Strong Demand Augments Twin Cities Occupancy
The metro’s healthy economic growth, low unemployment rate and strong multifamily fundamentals continue to attract investors and developers to the region.
By Adina Marcut
A strong job market has kept the economy on sound footing in Minneapolis–St. Paul, sustaining one of the lowest unemployment rates in the country, at 3.5 percent as of June. The healthy economy and strong multifamily fundamentals should continue to attract investors and developers to the metro.
The education and health services sector is leading growth, having added 20,000 jobs year-over-year through June. The area’s health-care industry—led by Fortune 500 companies that include powerhouse UnitedHealth Group, as well as St. Jude Medical, which Abbott recently acquired—is bound to remain a constant source of new employment. World-renowned Mayo Clinic is the anchor partner in the $5.6 billion Destination Medical Center project in Rochester. At the same time, the University of Minnesota and the University of St. Thomas enroll more than 60,000 students, feeding a deep talent pool.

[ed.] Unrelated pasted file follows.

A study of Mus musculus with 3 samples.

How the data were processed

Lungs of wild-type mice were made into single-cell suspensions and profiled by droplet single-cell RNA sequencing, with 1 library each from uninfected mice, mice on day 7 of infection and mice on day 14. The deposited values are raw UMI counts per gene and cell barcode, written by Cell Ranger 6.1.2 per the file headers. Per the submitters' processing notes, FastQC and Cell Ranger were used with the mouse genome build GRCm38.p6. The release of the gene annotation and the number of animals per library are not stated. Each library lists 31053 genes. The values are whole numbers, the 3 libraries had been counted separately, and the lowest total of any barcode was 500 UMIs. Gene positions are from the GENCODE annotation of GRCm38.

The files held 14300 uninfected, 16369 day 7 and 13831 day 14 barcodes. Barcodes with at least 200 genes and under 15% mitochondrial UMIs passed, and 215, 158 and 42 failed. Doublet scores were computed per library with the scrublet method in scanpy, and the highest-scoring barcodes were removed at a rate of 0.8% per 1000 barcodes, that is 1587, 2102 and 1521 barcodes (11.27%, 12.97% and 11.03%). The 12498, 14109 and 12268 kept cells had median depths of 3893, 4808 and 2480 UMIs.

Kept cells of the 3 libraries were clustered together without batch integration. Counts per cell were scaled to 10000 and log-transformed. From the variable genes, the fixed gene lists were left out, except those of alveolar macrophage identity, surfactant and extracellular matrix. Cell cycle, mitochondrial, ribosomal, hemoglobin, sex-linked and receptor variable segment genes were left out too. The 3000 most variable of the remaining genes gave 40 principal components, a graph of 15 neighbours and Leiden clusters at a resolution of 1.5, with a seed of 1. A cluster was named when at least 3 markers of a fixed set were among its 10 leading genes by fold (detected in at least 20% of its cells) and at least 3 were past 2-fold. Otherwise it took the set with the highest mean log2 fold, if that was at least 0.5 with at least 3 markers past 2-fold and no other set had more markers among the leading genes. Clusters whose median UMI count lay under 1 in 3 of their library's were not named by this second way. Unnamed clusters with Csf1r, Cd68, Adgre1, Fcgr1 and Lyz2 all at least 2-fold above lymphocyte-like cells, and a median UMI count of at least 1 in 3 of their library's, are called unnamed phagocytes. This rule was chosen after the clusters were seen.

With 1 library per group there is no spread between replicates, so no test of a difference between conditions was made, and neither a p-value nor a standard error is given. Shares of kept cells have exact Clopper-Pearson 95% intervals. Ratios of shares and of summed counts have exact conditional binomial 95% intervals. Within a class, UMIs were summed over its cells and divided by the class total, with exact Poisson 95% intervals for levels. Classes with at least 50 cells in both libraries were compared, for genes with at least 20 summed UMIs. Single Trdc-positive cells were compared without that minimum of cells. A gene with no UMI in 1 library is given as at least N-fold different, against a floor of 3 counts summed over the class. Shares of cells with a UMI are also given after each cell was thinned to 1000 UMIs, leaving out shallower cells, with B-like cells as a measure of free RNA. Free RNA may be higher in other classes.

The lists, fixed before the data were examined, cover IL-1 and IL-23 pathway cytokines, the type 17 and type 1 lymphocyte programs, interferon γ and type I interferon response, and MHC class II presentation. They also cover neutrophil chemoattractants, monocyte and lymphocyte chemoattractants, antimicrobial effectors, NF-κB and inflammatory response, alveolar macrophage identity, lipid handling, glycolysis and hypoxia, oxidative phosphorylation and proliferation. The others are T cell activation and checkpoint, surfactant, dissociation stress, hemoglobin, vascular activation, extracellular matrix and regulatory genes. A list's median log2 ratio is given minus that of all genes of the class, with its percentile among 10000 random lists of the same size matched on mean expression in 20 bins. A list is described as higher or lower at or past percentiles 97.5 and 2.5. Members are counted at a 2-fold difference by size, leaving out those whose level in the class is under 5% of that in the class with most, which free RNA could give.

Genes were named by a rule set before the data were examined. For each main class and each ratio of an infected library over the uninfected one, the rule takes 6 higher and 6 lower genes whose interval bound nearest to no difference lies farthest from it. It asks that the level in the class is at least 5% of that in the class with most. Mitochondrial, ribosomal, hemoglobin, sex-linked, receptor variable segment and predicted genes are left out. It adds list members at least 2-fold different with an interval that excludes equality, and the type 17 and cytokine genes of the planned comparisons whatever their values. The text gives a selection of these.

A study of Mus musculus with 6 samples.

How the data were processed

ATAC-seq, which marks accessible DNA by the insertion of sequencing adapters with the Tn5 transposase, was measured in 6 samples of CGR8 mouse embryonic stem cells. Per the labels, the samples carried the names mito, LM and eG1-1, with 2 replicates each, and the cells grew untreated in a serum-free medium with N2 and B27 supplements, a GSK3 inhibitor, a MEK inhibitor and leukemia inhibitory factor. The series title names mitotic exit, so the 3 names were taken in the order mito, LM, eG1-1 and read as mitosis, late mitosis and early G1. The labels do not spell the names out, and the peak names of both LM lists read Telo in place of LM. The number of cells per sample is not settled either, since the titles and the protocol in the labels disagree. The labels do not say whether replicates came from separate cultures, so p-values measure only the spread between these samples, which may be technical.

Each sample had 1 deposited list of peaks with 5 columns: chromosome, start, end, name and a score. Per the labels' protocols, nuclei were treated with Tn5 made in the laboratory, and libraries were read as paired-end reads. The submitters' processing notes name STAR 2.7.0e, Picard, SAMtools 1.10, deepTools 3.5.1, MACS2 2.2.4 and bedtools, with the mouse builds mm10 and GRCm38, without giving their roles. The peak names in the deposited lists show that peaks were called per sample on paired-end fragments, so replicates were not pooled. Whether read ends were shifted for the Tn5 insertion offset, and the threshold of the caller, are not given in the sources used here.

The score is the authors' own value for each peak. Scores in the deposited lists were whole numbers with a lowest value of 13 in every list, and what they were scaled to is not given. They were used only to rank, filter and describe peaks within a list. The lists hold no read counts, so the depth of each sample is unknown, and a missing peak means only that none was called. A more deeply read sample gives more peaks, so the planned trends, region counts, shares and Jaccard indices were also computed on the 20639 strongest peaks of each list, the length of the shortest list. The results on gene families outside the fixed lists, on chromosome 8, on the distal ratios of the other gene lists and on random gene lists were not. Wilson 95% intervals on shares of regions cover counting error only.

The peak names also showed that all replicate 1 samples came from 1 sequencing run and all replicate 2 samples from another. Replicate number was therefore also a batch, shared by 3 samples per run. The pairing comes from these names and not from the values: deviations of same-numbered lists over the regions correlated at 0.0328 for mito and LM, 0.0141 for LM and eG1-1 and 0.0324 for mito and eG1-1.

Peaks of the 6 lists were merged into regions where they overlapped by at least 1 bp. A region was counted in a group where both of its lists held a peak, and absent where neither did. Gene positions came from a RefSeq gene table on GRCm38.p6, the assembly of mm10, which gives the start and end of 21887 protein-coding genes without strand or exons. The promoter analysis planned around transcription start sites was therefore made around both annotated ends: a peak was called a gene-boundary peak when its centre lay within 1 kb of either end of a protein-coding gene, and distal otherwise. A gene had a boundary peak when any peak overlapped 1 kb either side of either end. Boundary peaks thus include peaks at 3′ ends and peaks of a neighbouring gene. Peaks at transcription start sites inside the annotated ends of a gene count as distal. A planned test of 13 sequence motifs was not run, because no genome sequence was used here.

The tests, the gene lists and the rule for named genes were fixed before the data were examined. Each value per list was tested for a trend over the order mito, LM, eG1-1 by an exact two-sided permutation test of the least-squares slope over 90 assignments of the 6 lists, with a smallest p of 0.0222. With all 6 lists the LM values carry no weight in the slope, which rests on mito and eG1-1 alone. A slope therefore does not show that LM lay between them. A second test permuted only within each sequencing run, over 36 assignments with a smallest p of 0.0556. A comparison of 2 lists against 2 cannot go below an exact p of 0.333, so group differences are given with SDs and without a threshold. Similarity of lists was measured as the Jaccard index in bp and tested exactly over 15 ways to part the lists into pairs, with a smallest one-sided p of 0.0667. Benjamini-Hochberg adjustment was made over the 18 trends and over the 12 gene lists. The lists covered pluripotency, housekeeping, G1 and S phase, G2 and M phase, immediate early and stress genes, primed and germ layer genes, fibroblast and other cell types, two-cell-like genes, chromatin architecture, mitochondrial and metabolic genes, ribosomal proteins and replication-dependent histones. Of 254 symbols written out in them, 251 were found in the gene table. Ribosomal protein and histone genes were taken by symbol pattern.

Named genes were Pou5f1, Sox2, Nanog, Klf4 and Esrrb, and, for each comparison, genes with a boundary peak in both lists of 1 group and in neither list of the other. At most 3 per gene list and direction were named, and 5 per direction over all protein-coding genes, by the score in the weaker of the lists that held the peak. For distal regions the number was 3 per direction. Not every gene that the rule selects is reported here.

Multifamily demand remains strong—especially for market-rate apartments—and has led to rising rental rates and the highest occupancy rate among major U.S. metros, at 97.7 percent as of July. However, the roughly 6,500 units slated to come online this year are bound to alleviate some of that demand in the short term. In the 12 months ending in July, rents in the metro rose 4.0 percent, well above the 2.6 percent national average. Just shy of $1,200, Twin Cities rent still trails the $1,350 U.S. average. These fundamentals have led Yardi Matrix to project rent growth of 3.9 percent in 2017.